The world of high fashion has rarely been thought of as a paradigm of cruelty-free motivations, but thanks to a rising number of ethical companies, vegan designer shoes are no longer hard to find.
When you think about the fashion industry, do the words eco-friendly, cruelty-free and vegan immediately spring to mind? Probably not, but in line with an increase in demand for ethical leather alternatives, there are more vegan shoe brands releasing high-end collections than ever before.
Starting a new conversation
What makes finding vegan-friendly fashion brands so difficult? The lingering assumption that for items to be considered as ‘statement’ or investment pieces, they need to be made from expensive and, traditionally, animal-based materials. The leather industry has profited from this outmoded stereotype for years, with leather, suede and hides all being used for various clothing applications, with shoes being particularly prevalent. It doesn’t have to be this way though.
Today, there are plenty of vegan options that can be used in place of animal-derived materials. From organic cotton for summer shoes and trainers through to vegan leather that’s perfect for ethical winter boots, vegan footwear has come a long way and has reduced the environmental impact of part of the fashion industry too.
From high street to high fashion
Vegan-friendly shoes have long been available on the high street, but they rarely tick the sustainable fashion box as well. Often made from cheap, plastic-based materials that can’t be recycled and take a lot of energy and chemicals to produce, they are a stop-gap for many until quality luxury shoes that are animal-free can be invested in. Saying that, even some high street brands are expensive, with Doc Martens being a prime example.
Now, designers are recognising a growing demand for animal-free footwear options and some exciting new releases, from existing and fresh companies, are hitting the market.
Vegan designer shoes to look out for
Which vegan fashion brands should you know about and what price range do they fall into? This is a big topic, but to make things nice and simple, we’ve pulled together our go-to choices that cover everything from luxury vegan shoes to everyday ethical footwear that won’t cost a bomb or the planet.
All footwear sold by Stella McCartney is cruelty-free and made from non-leather materials. Vegan boots, brogues and trainers can all be selected, many of which also contain recycled rubber as part of the sole composition. Buyer beware that this is an exceptionally high-end option, with nothing costing less than £230.
On a mission to veganise as many closets as possible, Veerah showcases a wide range of shoes that aim to bring sustainability into the world of high fashion. From striking ballet flats to eye-catching heels, thought has been put into creating an inclusive range that is made of surprising materials. Recycled plastic, apples and algae are all utilised and prices start from around $150 for sale items.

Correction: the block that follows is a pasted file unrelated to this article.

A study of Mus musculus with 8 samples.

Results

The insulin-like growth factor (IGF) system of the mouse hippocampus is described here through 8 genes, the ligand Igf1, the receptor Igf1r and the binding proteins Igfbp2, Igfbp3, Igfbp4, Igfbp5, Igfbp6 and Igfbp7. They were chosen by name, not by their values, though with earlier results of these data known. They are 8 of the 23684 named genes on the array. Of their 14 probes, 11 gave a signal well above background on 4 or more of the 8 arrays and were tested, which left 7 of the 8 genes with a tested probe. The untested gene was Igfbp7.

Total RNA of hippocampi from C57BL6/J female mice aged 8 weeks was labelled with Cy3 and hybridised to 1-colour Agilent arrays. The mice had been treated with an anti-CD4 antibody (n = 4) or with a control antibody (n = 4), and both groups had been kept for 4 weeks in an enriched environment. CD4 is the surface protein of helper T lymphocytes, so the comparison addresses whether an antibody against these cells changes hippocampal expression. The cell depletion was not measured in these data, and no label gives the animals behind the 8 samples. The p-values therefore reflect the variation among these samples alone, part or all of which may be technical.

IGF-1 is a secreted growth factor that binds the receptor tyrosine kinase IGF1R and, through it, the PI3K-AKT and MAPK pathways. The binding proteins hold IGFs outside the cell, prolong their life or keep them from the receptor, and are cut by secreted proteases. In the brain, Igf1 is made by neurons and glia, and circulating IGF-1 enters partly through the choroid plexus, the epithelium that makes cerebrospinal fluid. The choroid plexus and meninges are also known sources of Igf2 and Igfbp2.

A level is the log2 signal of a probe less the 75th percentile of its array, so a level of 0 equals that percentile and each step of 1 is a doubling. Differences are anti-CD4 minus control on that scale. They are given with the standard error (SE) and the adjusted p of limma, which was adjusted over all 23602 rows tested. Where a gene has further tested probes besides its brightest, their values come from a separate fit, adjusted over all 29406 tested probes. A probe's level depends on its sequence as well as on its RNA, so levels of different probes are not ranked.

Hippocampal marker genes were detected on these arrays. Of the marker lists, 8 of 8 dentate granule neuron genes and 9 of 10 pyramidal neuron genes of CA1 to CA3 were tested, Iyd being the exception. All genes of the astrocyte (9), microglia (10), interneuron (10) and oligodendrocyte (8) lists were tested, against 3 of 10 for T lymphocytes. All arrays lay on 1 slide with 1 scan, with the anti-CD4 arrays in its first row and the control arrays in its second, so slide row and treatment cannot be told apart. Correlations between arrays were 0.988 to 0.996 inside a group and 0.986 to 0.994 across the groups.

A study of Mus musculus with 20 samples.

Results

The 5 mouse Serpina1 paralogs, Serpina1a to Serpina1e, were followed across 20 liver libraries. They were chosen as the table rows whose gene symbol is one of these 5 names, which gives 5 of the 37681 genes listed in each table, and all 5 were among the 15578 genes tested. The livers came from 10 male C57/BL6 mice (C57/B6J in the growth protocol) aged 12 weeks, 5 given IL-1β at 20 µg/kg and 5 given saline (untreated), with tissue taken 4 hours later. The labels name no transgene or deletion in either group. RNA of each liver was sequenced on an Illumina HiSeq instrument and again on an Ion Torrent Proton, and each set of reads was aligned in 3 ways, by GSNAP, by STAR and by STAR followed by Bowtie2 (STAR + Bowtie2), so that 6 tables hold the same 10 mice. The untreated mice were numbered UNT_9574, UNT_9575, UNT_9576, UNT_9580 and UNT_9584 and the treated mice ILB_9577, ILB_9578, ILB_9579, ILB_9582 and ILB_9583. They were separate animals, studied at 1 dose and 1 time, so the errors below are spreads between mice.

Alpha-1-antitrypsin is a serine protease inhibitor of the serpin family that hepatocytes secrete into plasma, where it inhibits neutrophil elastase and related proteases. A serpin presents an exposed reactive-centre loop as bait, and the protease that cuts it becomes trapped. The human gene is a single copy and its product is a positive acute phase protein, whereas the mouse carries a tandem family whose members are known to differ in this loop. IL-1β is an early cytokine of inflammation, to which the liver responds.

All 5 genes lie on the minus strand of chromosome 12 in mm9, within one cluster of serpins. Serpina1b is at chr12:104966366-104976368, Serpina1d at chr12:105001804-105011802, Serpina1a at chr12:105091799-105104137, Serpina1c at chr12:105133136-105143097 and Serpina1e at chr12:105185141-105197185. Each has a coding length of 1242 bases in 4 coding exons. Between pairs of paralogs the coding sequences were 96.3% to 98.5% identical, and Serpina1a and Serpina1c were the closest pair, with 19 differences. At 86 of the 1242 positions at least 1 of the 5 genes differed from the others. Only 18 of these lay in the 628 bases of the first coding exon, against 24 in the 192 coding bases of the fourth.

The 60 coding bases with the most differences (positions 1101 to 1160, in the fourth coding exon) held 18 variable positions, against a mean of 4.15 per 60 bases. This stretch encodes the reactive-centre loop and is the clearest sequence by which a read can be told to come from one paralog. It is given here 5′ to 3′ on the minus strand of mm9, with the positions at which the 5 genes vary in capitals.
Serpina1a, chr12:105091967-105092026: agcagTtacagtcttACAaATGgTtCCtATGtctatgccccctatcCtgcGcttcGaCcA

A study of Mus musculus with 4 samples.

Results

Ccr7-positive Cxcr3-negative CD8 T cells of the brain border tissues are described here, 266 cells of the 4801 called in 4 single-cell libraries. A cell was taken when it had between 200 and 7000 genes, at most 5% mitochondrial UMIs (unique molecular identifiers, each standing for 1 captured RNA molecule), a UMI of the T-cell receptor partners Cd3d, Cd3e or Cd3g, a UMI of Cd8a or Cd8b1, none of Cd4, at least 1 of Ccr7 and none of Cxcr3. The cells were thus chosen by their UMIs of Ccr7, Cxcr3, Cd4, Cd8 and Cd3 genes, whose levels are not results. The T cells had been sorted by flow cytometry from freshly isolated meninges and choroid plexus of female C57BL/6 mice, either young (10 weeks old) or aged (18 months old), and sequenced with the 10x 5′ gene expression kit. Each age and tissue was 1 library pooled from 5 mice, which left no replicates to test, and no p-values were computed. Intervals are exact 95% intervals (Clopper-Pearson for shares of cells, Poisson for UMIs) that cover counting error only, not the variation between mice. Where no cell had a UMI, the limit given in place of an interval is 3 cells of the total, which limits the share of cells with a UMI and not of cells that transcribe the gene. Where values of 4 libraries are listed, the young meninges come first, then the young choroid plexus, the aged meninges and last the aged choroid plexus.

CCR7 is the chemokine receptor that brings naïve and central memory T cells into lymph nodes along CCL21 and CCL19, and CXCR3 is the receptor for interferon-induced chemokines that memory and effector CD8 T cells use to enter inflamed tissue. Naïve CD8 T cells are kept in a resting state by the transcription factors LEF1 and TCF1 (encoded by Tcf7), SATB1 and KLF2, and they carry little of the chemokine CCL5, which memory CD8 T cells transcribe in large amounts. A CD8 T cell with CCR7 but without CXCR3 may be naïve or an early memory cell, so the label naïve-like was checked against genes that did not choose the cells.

Will’s Vegan Shoes
Asking customers to make a positive choice, Will’s Vegan Shoes is a UK company that has a keen eye for current and classic styles, catering to men, women and kids too. Styles tend to cost around the £100 mark, making them a good everyday option and packaging and delivery has been considered too. Fully recyclable paper and cardboard packaging are used and delivery is fulfilled as part of a plastic-free and carbon-neutral supply chain.
Humans Are Vain
A street-style fashion company with a sustainable and vegan twist, Humans Are Vain is a Swedish enterprise that specialises in chic sneakers that enjoy no compromise in quality for ditching leather. Understated branding and simple styles make these trainers timeless, making the £100-130 price range easier to stomach.
Could vegan designer shoes become the new normal?
Consumers drive change, with retailers needing to accommodate new trends in order to stay buoyant. This is well known, but could the future really see leather being dropped altogether? Never say never.
With more and more people deciding to turn vegan, in addition to all the new and exciting sustainable alternatives to animal-based materials being released, it stands to reason that demand for ‘traditional’ shoe uppers will drop significantly. Perhaps as alternatives become more prevalent and therefore affordable, leather will start to become unfashionable and less cost-effective to use.
It’s worth considering the fact that green initiatives are hugely important right now. Even those companies simply looking to pay lip service to more eco-friendly operating standards are having to carry some of them out, so maybe we will start to see the big fashion houses — including Chanel, Gucci and Louis Vuitton — moving towards non-leather ranges. If uptake is good, it is likely that sustainable materials and cruelty-free designs will be repeated until, in an ideal world, designer vegan footwear is the norm, not the exception.
Once footwear has been veganised, we can turn our attention to other accessories, such as designer handbags, because there is a market that creates an enormous amount of animal suffering each year, especially for exclusive ranges such as the Hermes Birkin. One step, in cruelty-free footwear, at a time though.